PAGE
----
Barbara Saxberg
“For me, my job as an actor is to bring stories alive, to create roles that ring with authenticity that make people feel. Whether it’s joy or sadness, anger or amusement, strong feelings can lead us to reconsider our values, our beliefs, our attitudes. That’s where the real power of performance lies.”
– Self

It felt like coming home. When Barbara (she/her) returned to the stage a few years ago after a long hiatus, it sparked a renewed passion for acting. It was in those quiet moments backstage waiting for her cue that she remembered the magic of the theatre and how much she loved being an actor.

That performance motivated Barbara to return to the world of acting. Most recently, she booked a principal role in a Lifetime Network movie of the week, scheduled for release later this summer. She’s also been active in her community, contributing to the development of young filmmakers by appearing in several of their films. On stage, Barbara has appeared in the Magnus Theatre Short Play Festival for four years running. During the pandemic, she also took part in a number of online performances and readings. Barbara is in acting class regularly when she’s not working, refreshing and further developing her skills, and frequently works one on one with acting coaches. She believes progressing as an actor never stops. Whether in class, in the rehearsal room, on set or on stage, there is always opportunity for growth.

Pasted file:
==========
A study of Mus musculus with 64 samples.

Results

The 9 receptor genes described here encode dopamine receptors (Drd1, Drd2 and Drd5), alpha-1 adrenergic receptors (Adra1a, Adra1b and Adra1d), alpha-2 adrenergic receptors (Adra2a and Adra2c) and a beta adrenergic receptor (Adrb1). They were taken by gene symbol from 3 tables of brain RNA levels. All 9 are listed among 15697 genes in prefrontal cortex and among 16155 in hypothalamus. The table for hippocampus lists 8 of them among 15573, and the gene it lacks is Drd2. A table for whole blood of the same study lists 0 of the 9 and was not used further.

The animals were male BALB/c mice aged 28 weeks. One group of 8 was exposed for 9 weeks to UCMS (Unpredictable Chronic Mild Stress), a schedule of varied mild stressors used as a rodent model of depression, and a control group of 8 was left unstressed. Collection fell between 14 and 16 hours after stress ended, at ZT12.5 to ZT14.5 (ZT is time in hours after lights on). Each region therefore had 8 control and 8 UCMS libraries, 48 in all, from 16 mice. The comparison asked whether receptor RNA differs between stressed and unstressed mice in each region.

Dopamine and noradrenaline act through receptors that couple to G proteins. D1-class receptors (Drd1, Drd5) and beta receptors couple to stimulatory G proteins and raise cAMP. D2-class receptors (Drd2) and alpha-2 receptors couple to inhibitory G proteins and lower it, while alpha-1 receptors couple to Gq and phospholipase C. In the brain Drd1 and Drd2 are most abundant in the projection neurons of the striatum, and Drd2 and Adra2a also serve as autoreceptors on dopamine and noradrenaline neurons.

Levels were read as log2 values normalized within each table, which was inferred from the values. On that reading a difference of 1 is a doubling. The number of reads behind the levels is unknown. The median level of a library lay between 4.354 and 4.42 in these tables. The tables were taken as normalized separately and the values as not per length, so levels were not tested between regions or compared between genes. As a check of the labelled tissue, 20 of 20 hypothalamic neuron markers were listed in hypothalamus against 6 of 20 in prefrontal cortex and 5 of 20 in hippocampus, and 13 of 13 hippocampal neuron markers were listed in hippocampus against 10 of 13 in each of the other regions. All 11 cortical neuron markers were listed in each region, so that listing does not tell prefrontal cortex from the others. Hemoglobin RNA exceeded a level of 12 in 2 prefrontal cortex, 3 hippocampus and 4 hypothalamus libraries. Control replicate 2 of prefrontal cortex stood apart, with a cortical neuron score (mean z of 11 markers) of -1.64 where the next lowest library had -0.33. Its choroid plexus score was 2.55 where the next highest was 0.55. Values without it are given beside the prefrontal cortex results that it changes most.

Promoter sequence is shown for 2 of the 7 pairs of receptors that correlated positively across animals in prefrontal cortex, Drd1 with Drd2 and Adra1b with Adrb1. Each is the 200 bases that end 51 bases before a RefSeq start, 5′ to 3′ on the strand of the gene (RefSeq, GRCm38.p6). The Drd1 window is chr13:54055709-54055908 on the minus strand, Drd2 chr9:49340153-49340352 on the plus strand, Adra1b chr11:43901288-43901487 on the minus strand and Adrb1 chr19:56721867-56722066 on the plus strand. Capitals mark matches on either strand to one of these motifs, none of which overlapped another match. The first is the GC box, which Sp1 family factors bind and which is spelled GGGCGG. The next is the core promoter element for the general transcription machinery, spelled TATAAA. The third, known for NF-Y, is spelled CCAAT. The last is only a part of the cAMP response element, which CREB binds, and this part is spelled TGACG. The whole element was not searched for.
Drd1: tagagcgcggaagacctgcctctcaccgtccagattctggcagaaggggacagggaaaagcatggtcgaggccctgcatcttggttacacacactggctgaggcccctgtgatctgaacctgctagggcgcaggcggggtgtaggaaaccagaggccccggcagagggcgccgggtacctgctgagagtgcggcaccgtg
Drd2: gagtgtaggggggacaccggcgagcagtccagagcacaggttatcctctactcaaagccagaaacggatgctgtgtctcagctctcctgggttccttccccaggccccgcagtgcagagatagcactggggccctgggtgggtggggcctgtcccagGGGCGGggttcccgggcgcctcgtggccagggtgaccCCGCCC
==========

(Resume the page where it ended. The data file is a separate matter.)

Barbara brings intelligence, maturity, creativity, compassion, and general good nature to all her work. But more than that, she brings a spark and strength of spirit that draws audiences in.

So what happened in those hiatus years? Barbara’s early work as an actor in her twenties and thirties was primarily in regional theatre. But life, as it often does, took her in a different direction. Barbara became an award-winning broadcast journalist, working as host, producer, editor, and documentary maker for CBC Network Radio. In radio, she learned to “write the way people talk”, bringing a deep understanding to the honest delivery of dialogue. Her creativity shone in her work, resulting in several international awards for her documentaries.

After leaving the CBC, Barbara launched her own business focused on workplace learning, conflict resolution, leadership, and meeting facilitation – each requiring its own unique type of performance. This work has instilled a strong belief in the importance of working collaboratively, supporting and making space for her co-creators.

On a personal note: Two children, three step kids, and eight grandchildren bring her constant joy and help keep her young. And she’s grateful to have found a life partner who makes her laugh every day and lets her know she is loved.